The Gambling Act Review began all the way back in late 2020. But with the publishing of the paper having been pushed back several times despite pressure from the regulator rising, and rumours that the unsettled Government may abandon the review, we thought now would be a good time to take a look at the review and the state of play in the industry at present.
Delay After Delay
As we approach nearly 2 years since the gambling act UK was announced to be reviewed and republished by the UK Gambling Commission (UKGC), the pressure for them to release the highly anticipated white paper continues to grow. More and more we are hearing of operators being fined for player protection and social responsibility failings, and without clearer guidance from the operator on how to prevent these fines, the trend is set to continue.
The Gambling Act Review has now been pushed back multiple times, with latest delay relating to the announcement that Boris Johnson was to step down as Prime Minister.
Since 2016, over £150 million in fines has been imposed on UK Betting Companies by the UKGC. Clearly there is a disconnect between what operators believe is an acceptable safer gambling process and how the regulation is communicated by the UKGC.
The UK is the leading geographic area driving the next generation of player protection initiatives. Rapidly growing markets such as the USA which has a projected CAGR of 11.7% during the forecast period of 2022-2030 is looking to the UK for guidance. Ultimately, the UKGC has the eyes of the world on it to release their findings and finally supply updated regulation.
It’s Not All Doom and Gloom
Despite the consistent flow of fines from the UKGC to operators, there really are some amazing initiatives taking place around the industry from operators, affiliates, and suppliers.
Just this year alone, at events such as ICE London and SBC Summit Barcelona, there has been a centralised focus on safer gambling being a priority and a sense of collaboration amongst the industry to solve various problems associated with the industry at present.
UK companies such as Gamstop are revolutionising player protection initiatives by allowing individuals who are self-aware in their problem gambling to place themselves on cross operator self-exclusion lists.
But what the industry really requires a set of regulation for operators to follow. Much of the work operators are doing into developing their player protection initiatives would be a lot more straight forward if they were able to follow clear guidance.
From our own experience, operators are no longer seeing player protection as a tick box exercise but are now interested in developing a system to truly protect their players whilst mitigating any adverse impact on their own business goals.
How The Industry Can Move Forwards
The main issue with sitting back and waiting for the finalised review to be published is that the industry is constantly developing and growing.
Online betting has become the norm and most popular method of consumers accessing gambling services, and with the FIFA World Cup on the horizon which will again likely lead to a huge influx in players betting and signing up to new brands, the industry cannot afford to stand still and wait.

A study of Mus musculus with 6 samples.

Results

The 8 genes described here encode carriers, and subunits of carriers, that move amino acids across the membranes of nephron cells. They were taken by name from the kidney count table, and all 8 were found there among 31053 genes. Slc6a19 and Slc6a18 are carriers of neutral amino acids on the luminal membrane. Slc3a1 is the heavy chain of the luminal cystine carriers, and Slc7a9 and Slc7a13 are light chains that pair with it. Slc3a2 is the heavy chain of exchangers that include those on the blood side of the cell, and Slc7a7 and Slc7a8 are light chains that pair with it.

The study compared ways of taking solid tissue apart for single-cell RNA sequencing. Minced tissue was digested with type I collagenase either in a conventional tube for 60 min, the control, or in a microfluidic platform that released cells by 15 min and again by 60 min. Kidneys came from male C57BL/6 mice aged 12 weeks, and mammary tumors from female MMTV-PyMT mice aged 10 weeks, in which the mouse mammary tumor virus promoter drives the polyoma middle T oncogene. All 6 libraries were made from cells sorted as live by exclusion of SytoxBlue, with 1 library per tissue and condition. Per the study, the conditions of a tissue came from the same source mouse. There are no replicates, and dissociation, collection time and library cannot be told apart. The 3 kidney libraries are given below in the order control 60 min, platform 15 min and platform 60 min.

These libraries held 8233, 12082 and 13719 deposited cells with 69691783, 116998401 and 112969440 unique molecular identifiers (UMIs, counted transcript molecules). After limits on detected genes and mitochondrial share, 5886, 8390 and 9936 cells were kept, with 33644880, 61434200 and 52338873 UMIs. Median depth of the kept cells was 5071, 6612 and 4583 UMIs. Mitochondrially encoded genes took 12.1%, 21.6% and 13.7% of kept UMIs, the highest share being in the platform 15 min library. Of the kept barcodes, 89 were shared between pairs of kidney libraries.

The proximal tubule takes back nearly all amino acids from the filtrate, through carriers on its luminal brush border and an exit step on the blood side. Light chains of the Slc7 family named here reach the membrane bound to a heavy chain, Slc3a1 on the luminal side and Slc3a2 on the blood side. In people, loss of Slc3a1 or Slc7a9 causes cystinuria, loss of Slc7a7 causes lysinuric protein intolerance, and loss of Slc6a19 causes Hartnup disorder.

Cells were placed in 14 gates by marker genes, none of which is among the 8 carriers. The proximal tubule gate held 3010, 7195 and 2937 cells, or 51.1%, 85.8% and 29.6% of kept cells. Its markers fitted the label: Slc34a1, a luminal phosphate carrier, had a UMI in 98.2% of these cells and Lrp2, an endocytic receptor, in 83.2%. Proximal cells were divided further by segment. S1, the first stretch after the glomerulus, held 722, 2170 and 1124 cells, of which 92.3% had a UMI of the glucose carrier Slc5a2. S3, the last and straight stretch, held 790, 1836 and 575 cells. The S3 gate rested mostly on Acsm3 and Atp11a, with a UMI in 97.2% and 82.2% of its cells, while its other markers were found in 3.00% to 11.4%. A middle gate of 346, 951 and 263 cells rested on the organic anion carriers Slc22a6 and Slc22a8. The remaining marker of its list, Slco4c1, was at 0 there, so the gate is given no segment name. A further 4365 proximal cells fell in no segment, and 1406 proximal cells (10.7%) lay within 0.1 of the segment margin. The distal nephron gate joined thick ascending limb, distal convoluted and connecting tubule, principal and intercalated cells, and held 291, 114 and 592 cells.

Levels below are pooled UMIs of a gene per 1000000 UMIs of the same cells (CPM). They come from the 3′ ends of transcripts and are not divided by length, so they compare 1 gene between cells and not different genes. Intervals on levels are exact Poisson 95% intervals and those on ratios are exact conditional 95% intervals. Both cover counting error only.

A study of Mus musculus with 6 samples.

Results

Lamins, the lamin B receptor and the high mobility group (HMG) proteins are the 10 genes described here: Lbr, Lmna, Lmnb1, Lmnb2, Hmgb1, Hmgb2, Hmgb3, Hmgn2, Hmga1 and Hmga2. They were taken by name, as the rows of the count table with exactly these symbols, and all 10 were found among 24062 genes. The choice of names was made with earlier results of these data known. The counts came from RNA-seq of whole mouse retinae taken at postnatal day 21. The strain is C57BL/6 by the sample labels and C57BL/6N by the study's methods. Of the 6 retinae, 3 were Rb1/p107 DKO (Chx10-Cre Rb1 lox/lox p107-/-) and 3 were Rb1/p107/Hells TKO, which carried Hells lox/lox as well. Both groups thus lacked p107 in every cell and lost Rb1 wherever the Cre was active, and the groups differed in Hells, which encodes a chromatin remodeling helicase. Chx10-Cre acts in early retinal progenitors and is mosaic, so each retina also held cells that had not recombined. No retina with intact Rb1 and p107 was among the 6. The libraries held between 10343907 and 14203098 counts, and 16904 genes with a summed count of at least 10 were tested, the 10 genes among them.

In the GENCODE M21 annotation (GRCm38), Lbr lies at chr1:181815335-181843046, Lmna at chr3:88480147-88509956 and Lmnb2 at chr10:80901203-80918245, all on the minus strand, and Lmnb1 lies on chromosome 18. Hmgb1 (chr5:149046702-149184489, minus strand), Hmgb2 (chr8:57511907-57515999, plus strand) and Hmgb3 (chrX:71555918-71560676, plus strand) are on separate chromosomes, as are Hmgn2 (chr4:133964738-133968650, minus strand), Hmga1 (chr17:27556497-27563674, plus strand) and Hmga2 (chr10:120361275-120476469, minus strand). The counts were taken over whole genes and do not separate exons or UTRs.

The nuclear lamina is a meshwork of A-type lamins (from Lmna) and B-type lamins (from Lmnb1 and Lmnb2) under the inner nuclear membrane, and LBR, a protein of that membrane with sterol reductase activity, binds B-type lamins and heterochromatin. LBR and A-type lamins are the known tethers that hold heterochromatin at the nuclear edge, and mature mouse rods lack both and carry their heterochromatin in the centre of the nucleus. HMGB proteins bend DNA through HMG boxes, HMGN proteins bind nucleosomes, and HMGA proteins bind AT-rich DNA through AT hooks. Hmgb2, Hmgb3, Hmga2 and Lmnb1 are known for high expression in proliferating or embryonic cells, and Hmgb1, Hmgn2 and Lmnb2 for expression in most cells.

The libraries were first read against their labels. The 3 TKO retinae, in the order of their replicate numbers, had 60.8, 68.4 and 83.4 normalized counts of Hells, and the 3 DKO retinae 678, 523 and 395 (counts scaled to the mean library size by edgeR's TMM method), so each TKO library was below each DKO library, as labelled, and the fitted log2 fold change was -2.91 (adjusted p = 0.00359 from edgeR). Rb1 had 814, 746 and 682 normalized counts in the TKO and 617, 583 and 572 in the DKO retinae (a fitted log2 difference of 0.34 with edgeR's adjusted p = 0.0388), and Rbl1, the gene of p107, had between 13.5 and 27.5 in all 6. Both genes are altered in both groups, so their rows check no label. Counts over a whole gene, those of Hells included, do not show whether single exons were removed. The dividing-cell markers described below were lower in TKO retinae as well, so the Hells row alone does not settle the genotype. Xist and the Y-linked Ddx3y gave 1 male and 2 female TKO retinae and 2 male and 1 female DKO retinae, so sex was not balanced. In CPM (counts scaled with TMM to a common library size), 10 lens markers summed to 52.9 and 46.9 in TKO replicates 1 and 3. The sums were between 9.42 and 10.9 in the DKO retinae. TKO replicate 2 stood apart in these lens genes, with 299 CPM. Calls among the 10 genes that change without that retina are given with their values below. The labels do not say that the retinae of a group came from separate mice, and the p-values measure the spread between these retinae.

As mentioned above, the industry has so much resource to pull together to enact real change. Instead of the responsibility simply lying on the shoulders of the regulator, the whole industry from operators, vendors, suppliers, regulators and more needs to come together.
At W2, we play a small part in a wider player protection journey. Our newly released affordability solution has had astoundingly positive feedback from the industry with many operators interested in developing it for their specific use case. Combining that with W2’s source of funds verification tool can allow operators to identify at risk customers at onboarding, avoiding fines and suspensions and keeping their customers safe.
Gambling Act Review: What Happens Next
The latest official guidance from the UKGC came into effect on 12 September 2022 has a primary focus on ensuring operators identify gambling related harm and act in a timely manner. Other guidance includes preventing marketing and bonuses fair at risk customers and to perform a full in-depth analysis into their player protection processes.
The next phase of the process which should currently be under way will involve the UKGC implementing measures to identify financially vulnerable customers and tackling unaffordable gambling.
The interest in W2’s new affordability solution is proof that operators are interested in more than a tick box regulatory exercise. Wanting to test the solution and have discussions around it before guidance from the regulator is officially released shows that they show a real level of care for their customers and the compliance of their business.
Unfortunately, 2 years on from the announcement which brought a lot of hope to the industry, fines are higher than they have ever been and the disconnect between the regulator and operators is clear to see.
But both parties and all stakeholders concerned in the task at hand remain committed to enacting real change for the future of the industry.
More can be done but we are confident that more will be done.
If you are interested in discussing W2’s affordability, source of funds verification, or any onboarding solutions please contact us here.